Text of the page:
I walked the halls of the old house, my mind in tune with each creaky step of the wooden floorboards. Running my hands along the walls my thoughts wandered to my grandmother, a stranger, save for the birthday cards with a couple of dollars and a handwritten note underneath the standard Hallmark message. The birthday cards always came late. I imagine it was hard for her to keep up with our many moves. Eventually, the cards stopped coming.
When we arrived at my grandmother’s house for her funeral last week, I stared at the front porch, taking it all in as a theater goer’s first glimpse of the stage and its red velvet curtains. Eyes fixed on the curtain’s hemline as it inches up, ever closer to revealing the mysteries behind it, I faced the front door with the same anticipation. My body leaned forward slightly as my feet remained planted, an inner battle of curiosity and trepidation. There was much history in this house, but unlike the history books in school, this history was different. It was mine.
Past its wear and tear, the house showed it had been well cared for by someone who took pride in appearances. Yet, I interpreted so much more from the throw blanket bunched up on the armchair in the living room, a stack of books tipped over on the floor beside it. The corner of a plate peeked out behind the wooden leg as though she had gotten so caught up in a book she had forgotten the snack she had prepared. I immediately knew she loved to read as much as I did.
Down the hall I entered my grandmother’s bedroom and approached the queen size bed with the floral blanket and numerous pillows propped against the ornate wooden headboard. I glimpsed the open book on her nightstand. It was positioned off-center, part of it hanging off the edge. A pair of reading glasses attached to a colorful beaded chain rested on the pages as though just before drifting off to sleep, she had reached over and set them down. As I looked around her room I could see her life, her movements ingrained in each item.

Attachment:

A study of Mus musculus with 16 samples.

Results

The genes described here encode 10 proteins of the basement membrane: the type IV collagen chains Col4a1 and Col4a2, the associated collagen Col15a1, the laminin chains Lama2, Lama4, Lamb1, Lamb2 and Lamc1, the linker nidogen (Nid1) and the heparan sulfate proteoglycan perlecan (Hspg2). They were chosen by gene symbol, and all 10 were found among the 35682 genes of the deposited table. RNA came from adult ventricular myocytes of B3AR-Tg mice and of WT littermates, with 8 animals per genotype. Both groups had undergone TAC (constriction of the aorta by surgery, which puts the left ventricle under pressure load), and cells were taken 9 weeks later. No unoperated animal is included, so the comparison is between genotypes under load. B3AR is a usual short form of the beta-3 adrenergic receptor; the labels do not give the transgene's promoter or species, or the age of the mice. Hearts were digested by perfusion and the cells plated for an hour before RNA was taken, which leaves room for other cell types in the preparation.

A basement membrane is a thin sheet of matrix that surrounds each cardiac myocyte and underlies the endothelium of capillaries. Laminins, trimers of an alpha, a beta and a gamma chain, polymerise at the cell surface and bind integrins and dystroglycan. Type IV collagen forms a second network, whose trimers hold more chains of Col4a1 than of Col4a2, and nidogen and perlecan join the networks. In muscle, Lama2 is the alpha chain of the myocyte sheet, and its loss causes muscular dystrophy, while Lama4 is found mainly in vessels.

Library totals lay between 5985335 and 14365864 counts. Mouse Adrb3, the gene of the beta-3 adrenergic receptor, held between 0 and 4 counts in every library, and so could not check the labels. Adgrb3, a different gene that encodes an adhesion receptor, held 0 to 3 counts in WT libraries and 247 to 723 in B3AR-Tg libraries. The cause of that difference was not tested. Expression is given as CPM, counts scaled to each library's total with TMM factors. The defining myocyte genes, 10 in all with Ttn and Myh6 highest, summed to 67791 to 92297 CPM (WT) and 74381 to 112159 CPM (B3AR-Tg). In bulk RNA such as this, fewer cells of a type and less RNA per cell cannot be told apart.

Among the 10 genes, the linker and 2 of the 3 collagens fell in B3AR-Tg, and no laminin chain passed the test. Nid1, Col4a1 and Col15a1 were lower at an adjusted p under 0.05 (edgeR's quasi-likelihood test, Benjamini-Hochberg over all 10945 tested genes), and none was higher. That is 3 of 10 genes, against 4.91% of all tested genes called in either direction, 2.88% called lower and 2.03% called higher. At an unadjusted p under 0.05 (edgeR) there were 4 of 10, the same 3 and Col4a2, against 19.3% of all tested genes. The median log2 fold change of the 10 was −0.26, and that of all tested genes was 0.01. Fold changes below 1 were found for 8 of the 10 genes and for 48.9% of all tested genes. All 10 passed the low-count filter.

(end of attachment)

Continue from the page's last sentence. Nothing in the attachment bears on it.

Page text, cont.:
Is it possible to miss someone you never really knew?
I reached for the locket hanging around my neck, my thumb having dulled the gold from rubbing it so often. It was my only memory of meeting my grandmother. I was nine. We were the only ones at the park that day, and I quickly claimed my favorite swing. Flying higher and higher, eyes closed, I heard my mother call me, and slowly opened one eye to see a woman standing with her, both silently watching me.
“Did you see how high I went?”
“Maggie, this is your grandmother. She has to be running along, but wanted to say hello to you.”
“You’re the one who sends the birthday cards?”
She reached her hand out, and pulled me to her. I sunk into her arms as though I belonged there. We never spoke. She placed a locket around my neck, and hugged me once more. As my mother took a step closer, I knew we would be leaving soon. I also knew the woman whose arms held me wouldn’t be coming with us. And, just as that realization hit I felt her arms slowly lift and the warmth they provided lift with them. I replayed that park scene for years to come. I was lost and found in that one hug. That hug was part of my story, and I had wanted nothing more than to remain suspended in it. It was my only connection to the woman whose house I now explored.
I moved across the bedroom to my grandmother’s dresser. It was as ornate as her headboard, its surface covered in costume jewelry. I stood before the mirror holding a pair of dangling earrings, their gold beads brushing up against my neck. As I put them back, another object caught my eye. I gingerly lifted the thin chain, and pried open the tiny heart. The photo inside was a duplicate of the one my own heart carried, my grandmother carrying a newborn version of me. Holding the tiny heart, its gold patina dulled of its original shine, I rubbed my thumb over it as much out of habit as the comfort of knowing our hearts had always been connected. I was learning our story through the presence of her absence.